This week on The Forum, a BBC radio program, Bridget Kendall presented a show on translation -- specifically, the translation of Chinese poetry into English, the translation of science for the public, and the translation of the fall of the Berlin Wall -- what is gained and what is lost in translation. One of her guests was British Astronomer Royal, Lord Martin Rees, who has written a number of popular books about cosmology and astronomy.
Kendall asked Rees how scientists benefit from interpreting their science for popular consumption. He said that scientists often have a difficult time thinking beyond the details and remembering the larger picture, so that having to explain the big ideas is good for them. Kendall said that it must be particularly difficult for a cosmologist because people tend to feel that everyday phenomena should be easy to understand, but grander things like the cosmos are much harder. Rees says that's not true, that everyday things that people really care about, like diet or child rearing, are in fact much harder to understand than the stars; even experts don't understand them. If they did, ideas about what's healthy to eat or how to bring up a child wouldn't be changing all the time.
Now, we can't say whether or not cosmologists really have deciphered the stars. But, in some senses it doesn't really matter how much they've got wrong, because what we do with what we know about stars isn't nearly as relevant to everyday life as what we make of advice about what to eat and the like. Rees's point is reminiscent of things we write about all the time.
Why don't we know these things? We aren't stupid (well, 'we' here refers to science generally!). What is it about complex phenomena that's so hard to deconstruct? How on earth can a measly human be more problematic than zillions of stars, galaxies, and even voracious Black Holes!?
Why can't science even tell us what to eat? Here's our explanation -- we think it's because organisms have evolved to survive in a wide range of environments, and environmental changes can have from no to little to crippling to fatal effects, and their effects can vary along that continuum, even within a given species. This makes prediction nearly impossible, and the effects of change nearly undecipherable, due to the confounding effects of other, unnoticed, unmeasured changes, or to the fact that most changes don't happen in isolation.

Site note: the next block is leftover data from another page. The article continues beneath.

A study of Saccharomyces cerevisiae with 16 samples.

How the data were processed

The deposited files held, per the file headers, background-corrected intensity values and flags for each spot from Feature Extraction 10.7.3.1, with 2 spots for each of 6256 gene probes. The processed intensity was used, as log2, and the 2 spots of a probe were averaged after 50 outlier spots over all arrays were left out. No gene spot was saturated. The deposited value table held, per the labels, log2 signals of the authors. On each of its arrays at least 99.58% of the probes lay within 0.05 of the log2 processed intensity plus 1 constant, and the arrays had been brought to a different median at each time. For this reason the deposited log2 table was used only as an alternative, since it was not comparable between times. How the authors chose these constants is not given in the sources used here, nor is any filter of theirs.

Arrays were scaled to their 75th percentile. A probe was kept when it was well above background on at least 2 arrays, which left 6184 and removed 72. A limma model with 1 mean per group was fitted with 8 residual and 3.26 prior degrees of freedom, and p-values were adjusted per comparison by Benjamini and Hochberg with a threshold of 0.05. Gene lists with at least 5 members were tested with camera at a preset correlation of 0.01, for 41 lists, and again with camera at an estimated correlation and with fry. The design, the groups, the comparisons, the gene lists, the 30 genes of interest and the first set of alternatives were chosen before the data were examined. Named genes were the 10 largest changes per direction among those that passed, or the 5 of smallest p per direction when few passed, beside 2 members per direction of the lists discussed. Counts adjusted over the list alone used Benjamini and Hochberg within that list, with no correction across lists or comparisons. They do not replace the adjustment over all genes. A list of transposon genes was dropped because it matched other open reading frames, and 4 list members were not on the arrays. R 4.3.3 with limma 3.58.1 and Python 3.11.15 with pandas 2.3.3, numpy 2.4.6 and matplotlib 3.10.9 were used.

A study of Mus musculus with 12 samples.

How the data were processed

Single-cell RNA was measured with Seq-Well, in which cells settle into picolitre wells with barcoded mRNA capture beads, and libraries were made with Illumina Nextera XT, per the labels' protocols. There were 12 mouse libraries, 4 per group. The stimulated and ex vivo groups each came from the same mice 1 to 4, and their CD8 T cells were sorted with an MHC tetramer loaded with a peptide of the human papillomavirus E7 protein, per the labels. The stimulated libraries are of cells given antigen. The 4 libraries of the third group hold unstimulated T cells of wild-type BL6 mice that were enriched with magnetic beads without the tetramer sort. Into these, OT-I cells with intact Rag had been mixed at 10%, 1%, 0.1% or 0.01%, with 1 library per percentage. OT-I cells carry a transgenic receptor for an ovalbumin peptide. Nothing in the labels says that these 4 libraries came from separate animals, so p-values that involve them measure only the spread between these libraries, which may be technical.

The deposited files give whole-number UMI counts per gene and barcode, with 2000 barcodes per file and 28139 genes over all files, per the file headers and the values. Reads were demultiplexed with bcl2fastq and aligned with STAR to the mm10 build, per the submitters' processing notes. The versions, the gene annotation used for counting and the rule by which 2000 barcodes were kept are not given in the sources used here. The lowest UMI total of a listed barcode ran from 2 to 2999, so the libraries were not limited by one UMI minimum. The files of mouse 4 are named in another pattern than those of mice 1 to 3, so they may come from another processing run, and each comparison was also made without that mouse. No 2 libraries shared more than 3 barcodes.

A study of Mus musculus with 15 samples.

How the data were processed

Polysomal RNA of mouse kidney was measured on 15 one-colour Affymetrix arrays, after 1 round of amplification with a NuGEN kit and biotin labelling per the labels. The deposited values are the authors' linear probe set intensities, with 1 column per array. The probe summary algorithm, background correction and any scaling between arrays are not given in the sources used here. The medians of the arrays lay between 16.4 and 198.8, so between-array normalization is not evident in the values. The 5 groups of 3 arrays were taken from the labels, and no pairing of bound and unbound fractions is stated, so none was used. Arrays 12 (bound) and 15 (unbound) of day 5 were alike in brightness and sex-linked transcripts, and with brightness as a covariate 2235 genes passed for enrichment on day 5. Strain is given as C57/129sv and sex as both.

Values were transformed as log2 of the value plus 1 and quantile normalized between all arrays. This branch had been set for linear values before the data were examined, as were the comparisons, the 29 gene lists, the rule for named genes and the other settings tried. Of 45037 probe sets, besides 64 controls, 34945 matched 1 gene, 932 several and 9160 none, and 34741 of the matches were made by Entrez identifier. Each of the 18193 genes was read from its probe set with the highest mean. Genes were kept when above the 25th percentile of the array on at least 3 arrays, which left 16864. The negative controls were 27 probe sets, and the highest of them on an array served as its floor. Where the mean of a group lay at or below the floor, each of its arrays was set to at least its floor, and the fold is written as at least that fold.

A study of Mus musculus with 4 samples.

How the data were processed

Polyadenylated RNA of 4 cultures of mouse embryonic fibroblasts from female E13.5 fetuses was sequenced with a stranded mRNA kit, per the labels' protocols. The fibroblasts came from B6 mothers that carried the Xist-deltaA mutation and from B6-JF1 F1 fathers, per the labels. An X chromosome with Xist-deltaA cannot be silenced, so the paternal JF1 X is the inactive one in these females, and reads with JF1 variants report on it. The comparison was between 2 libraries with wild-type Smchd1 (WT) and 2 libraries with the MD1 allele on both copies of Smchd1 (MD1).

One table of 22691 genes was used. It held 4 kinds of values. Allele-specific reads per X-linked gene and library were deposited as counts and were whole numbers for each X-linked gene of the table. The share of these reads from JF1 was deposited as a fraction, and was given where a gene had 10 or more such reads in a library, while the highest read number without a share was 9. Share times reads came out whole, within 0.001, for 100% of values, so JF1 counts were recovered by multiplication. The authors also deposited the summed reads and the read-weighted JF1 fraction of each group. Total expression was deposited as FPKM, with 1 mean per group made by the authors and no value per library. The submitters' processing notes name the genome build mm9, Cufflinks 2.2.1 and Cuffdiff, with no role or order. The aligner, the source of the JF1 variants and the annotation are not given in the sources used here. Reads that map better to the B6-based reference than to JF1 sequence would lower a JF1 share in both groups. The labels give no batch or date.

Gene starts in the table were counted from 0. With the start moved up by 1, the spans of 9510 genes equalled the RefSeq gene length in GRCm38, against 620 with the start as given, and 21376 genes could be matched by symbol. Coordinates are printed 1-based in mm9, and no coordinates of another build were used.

Just as genes don't function in isolation, but in networks of genes, all of which are taking the measure of their environment all the time, via signaling, and responding by emitting signals of their own, to which other genes respond. And even when the information is false, in our current society, as soon as the latest Now-Eat-This story appears in the media, we modify what we eat, what kind of exercise we do, and so on, which then can change gene function and interaction, and down the road, disease risk. Stars, so far as we know, don't change their orbits just because some astronomer announces a different equation!
Which all, in a convoluted way, brings us back to Freud. Freud's explanation for behaviors was that they were the result of early childhood. One's upbringing. As opposed to the genetic determinism that's so prevalent today (though, in either case, mothers still get the blame). Well, we wouldn't go all the way with Uncle Sigmund, but there is clear evidence that even things happening in utero affect later life -- behavior, language, and even the late-onset disease risks. And add to this the way we meander according to our cultural fads and self-help advice, much less our exposures to chemicals, diets, lifestyles, and so on.
What's built in is our ability to assess our environment and act as we think is best, and that starts right at the beginning. What we're wired 'for' is not to be too wired, but to be responsive. That's a claim Betelgeuse can't match, and why the stars are condemned to circle obediently while our fault is in ourselves, not in our stars.